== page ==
PEG ratio is often used to bridge the gap between value and growth.

Most value investors tend to consider the P/E ratio as one of the more important qualifying metric to find a value stock. However, the P/E ratio often does not tell the complete story. A stock may sell for a low price to earnings multiple and appear to be undervalued, but it is not necessarily an good investment. For example, if the company expects earnings declines in the future, the low P/E ratio may actually mask the overvaluation in the stock price.

## What is PEG Ratio?

PEG ratio or Price/Earnings-Growth ratio is an attempt to normalize the P/E ratio with the expected earnings growth rate of the company.

The idea behind the PEG ratio for stocks is quite simple:

A low P/E ratio can be justified if the future expected earnings growth is low. A fast growing company on the other hand is able to command a higher price to earnings multiple for its stock. To get more accurate idea of the relative valuation of a company, we need to consider the P/E ratio in conjunction with the future earnings per share growth rate.

## PEG Ratio Formula: How to Calculate PEG Ratio

You can calculate the PEG ratio using a 2 step process.

### Step 1: Calculate the P/E Ratio

P/E ratio is generally calculated as the **Stock Price / Earnings per Share**. This can also be expressed as **Market Capitalization / Net Income**.

### Step 2: Calcuate the PEG Ratio

Next, we divide the P/E ratio calculated above with the expected Earnings growth rate.

PEG ratio = P/E ratio / Earnings Growth Rate

## PEG Ratio Example

Suppose we are comparing 2 different stocks with the following characteristics

Stock XYZ: Price = $10/share, Earnings = $2/share, Expected EPS growth = 5%

Stock ABC: Price = $20/share, Earnings = $2/share, Expected EPS growth = 20%

### For stock XYZ,

P/E ratio = $10/$2 = 5

PEG ratio = 5/5 = 1

### For stock ABC

P/E ratio = $20/$2 = 10

PEG ratio = 10/20 = 0.5

In the example above, if the investor only considers the P/E ratio for valuation purposes, he will determine that the stock XYZ is a better value since it has a P/E ratio that is 50% less than that of stock ABC.

Once you consider that the company ABC is expected to grow its earnings 4 times faster than the company XYZ, you may now change your mind. Using price to earnings growth you find that the stock ABC trades at a lower PEG ratio than stock XYZ and therefore may offer a much better value.

## What is a Good PEG Ratio?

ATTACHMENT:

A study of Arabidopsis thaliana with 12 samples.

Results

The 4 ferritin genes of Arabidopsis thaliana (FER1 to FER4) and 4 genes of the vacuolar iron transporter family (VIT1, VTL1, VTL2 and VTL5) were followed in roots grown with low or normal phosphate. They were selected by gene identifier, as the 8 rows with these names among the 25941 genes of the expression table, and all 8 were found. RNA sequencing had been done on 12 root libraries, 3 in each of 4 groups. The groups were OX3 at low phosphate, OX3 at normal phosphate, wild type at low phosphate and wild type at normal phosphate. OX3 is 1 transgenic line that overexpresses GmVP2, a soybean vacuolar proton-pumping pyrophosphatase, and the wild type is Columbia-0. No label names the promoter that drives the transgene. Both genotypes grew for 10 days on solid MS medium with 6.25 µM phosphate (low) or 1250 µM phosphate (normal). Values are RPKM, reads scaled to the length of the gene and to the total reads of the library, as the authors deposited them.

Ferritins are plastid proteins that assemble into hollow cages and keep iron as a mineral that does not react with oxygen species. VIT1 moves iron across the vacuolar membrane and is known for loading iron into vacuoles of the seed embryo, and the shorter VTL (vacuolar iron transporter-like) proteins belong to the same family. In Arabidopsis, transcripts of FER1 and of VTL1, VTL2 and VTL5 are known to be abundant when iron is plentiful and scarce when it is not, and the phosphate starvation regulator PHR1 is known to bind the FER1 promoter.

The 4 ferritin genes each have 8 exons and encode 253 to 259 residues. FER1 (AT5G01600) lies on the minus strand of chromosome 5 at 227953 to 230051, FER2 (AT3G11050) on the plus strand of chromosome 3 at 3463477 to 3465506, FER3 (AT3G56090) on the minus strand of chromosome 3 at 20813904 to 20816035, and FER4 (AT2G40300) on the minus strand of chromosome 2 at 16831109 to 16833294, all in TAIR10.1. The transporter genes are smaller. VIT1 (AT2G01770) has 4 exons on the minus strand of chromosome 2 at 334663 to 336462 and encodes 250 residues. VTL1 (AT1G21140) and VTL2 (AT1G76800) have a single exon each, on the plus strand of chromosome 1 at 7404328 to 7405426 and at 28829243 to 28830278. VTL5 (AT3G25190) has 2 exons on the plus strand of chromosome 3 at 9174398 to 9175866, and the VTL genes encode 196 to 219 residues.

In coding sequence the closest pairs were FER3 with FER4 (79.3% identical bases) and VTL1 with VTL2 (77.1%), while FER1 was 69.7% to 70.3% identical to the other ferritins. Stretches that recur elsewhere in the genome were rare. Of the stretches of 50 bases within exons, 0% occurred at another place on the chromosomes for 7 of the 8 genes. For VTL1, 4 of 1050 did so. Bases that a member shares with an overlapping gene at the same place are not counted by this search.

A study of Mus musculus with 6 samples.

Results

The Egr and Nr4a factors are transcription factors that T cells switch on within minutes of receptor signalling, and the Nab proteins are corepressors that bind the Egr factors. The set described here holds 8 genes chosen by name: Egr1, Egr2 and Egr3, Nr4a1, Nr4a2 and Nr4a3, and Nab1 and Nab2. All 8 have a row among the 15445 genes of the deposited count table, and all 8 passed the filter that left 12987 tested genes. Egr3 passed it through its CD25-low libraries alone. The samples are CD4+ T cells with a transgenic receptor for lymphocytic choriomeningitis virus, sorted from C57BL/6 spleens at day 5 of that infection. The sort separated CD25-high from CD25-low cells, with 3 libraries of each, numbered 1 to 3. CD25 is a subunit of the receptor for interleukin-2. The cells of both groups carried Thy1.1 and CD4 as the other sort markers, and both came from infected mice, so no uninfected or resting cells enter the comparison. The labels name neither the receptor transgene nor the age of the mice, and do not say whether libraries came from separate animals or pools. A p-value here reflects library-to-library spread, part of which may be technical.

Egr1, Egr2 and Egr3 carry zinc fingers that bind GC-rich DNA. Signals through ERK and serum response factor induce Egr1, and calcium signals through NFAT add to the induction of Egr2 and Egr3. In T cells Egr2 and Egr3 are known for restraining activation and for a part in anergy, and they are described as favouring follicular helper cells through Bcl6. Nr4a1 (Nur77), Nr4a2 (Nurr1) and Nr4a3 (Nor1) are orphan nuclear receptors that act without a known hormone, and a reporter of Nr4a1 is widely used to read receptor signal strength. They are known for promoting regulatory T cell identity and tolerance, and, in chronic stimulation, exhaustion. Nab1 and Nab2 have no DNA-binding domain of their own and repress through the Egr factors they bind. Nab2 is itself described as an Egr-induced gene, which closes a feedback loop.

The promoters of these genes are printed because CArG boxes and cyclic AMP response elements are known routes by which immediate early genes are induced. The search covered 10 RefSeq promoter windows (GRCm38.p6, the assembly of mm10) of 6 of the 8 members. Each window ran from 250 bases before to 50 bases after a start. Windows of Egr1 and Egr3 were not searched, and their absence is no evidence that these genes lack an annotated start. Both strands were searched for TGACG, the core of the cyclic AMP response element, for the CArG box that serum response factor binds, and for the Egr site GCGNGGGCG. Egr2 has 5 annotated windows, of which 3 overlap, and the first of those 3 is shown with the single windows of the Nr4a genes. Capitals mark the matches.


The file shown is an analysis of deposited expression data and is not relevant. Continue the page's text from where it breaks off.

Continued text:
Typically, it is recommended to target a PEG ratio of 1 or below when you are looking for a good value stock.

However, there are multiple issues with this recommendation:

1. Earnings growth expectations are completely unreliable. Any use of the formula is only as good as the numbers that are fed into it as inputs. Any expected earnings growth in the future is just an expectation, and they vary wildly between different analysts. Even if there is a concensus, the future generally turns out to be different than planned. There is competitive changes, loss of market power, product substitutions, management missteps, etc, that we have no way of knowing today.

2. Typically P/E ratios are backward looking while the earnings growth rate is a forward looking metric. Future P/E ratio will be different than the one we use today. You could project a future P/E ratio if you wish, but this will introduce further uncertainity in the calculations. Still, many investors are fond of using the concept of Forward P/E and Forward PEG ratio. I strongly advise against this.

3. There are industry specific differences in the natural P/E ratios and growth rates

Instead, I recommend that you consider the relative PEG ratios between different stocks within an industry and lean towards picking the stocks with lowest PEG ratios.

A large amount of error in the future earnings growth arises from an overly optimistic or pessimistic outlook for the industry as a whole. Very likley an analyst will introduce similar error shifts in all the stocks within a given industry. So while the individual PEG ratios will be wrong, on a relative basis you may still come out with a good value stock. This assumes that you have settled on the industry as an attractive investment possibility (perhaps a cyclical opportunity).

## Negative PEG Ratio Meaning

Sometimes you will run across a negative PEG ratio value. This could mean one of the two things:

1. The company lost money in the prior period (earnings were negative), or,

2. The company is profitable but the profitability is expected to decline in the future (earnings growth rate is negative)

A negative PEG ratio does not imply that the stock is a bad investment. It just means that you need to consider other ways of looking at the stock before you can judge if this is a good investment or not.

I suggest that any stock can be a good investment at a price that is cheap enough. The idea behind PEG ratio, or any other valuation metric, is to judge the valuation of the stock. While these metrics bring some sort of formulaic structure to the investment process, investing well is much more than using a set of formulas.